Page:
Will this case topple Roe v Wade?

Mississippi abortion lawShould the Supreme Court or the legislatures of the 50 states determine the extent to which abortion is allowed … or restricted? A new Mississippi abortion law provides the Supreme Court an opportunity to reconsider Roe v Wade.

The Mississippi abortion law restricts abortions after 15 weeks of gestation, with exceptions for the mother’s health and in cases of severe fetal abnormalities that would prove fatal to the child.

A lower court struck down the law for violating Roe. In response, Mississippi turned to the Supreme Court to reconsider the case. In May, the Court said yes, they would reconsider whether pre-viability abortion laws are constitutional.

The case is reframed to question the underpinnings of Roe

However, Mississippi Attorney General, Lynn Fitch, reframed the case to focus on the viability of Roe as sound legal jurisprudence. Says Ms Fitch in her brief:

“On a sound understanding of the Constitution, the answer to the question presented in this case is clear and the path to that answer is straight. Under the Constitution, may a State prohibit elective abortions before viability? Yes. Why? Because nothing in constitutional text, structure, history, or tradition supports a right to abortion. A prohibition on elective abortions is therefore constitutional if it satisfies the rational-basis review that applies to all laws.”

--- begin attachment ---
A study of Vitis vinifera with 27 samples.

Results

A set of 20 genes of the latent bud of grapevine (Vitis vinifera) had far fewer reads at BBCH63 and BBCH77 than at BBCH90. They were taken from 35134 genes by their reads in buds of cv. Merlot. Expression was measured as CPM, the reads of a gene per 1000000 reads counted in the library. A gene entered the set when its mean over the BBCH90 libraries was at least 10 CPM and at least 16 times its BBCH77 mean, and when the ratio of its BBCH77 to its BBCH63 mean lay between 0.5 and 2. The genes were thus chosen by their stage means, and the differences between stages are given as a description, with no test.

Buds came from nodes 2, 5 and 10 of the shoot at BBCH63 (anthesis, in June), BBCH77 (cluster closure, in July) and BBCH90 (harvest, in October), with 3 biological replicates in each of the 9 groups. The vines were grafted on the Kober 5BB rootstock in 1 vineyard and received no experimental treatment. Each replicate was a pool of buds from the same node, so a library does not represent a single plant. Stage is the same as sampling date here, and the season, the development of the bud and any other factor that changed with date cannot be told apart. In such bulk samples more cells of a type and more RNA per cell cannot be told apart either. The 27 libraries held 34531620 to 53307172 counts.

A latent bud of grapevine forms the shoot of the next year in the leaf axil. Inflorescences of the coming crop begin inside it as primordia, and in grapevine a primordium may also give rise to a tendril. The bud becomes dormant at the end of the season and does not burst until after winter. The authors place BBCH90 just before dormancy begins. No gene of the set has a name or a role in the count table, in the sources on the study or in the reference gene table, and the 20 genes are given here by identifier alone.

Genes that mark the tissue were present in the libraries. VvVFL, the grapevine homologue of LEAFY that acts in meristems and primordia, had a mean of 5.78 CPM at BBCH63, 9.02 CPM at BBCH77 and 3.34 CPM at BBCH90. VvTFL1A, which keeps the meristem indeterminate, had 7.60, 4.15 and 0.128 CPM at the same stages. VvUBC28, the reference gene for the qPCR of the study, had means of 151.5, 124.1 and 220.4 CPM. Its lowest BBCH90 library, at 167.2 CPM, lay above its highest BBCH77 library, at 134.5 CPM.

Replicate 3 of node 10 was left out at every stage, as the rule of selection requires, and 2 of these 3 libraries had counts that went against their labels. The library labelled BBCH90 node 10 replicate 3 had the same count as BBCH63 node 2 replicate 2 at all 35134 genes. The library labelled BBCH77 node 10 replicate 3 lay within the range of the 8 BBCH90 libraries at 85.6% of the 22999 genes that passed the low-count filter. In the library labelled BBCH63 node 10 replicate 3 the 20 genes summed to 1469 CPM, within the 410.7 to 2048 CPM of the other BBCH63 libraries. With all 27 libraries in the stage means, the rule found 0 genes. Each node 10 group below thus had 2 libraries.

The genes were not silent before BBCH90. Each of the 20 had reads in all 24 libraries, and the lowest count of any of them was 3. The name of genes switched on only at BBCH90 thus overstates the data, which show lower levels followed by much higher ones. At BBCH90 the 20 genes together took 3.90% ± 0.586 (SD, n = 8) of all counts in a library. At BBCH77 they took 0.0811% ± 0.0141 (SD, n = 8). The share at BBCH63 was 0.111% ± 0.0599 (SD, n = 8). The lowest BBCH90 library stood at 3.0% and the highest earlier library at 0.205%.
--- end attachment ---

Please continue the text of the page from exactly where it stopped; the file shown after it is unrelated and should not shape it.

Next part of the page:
She lays out 4 reasons why Roe and Casey v Planned Parenthood are unsound:

1. A “right to privacy” does not protect a constitutional right to abortion.

2. Roe and Casey “do not provide persuasive support for a viability rule.”

3. Scientific advancements have occurred since Roe and Casey were handed down that have overtaken Roe factual assumptions.

4. The doctrine of stare decisis shouldn’t save Roe and Casey.

She even lays out an alternative path the Court could pursue if they’re willing to uphold the Mississippi law without completely overturning Roe.

Her brief is compelling. It provides hope for the pro-life community, although there’s no guarantee the court will be swayed.

The National Review provides a closer look at Lynn Fitch’s brief for those interested in more legal insights into this exciting case.

Let us hope a Mississippi abortion law is the catalyst to topple Roe.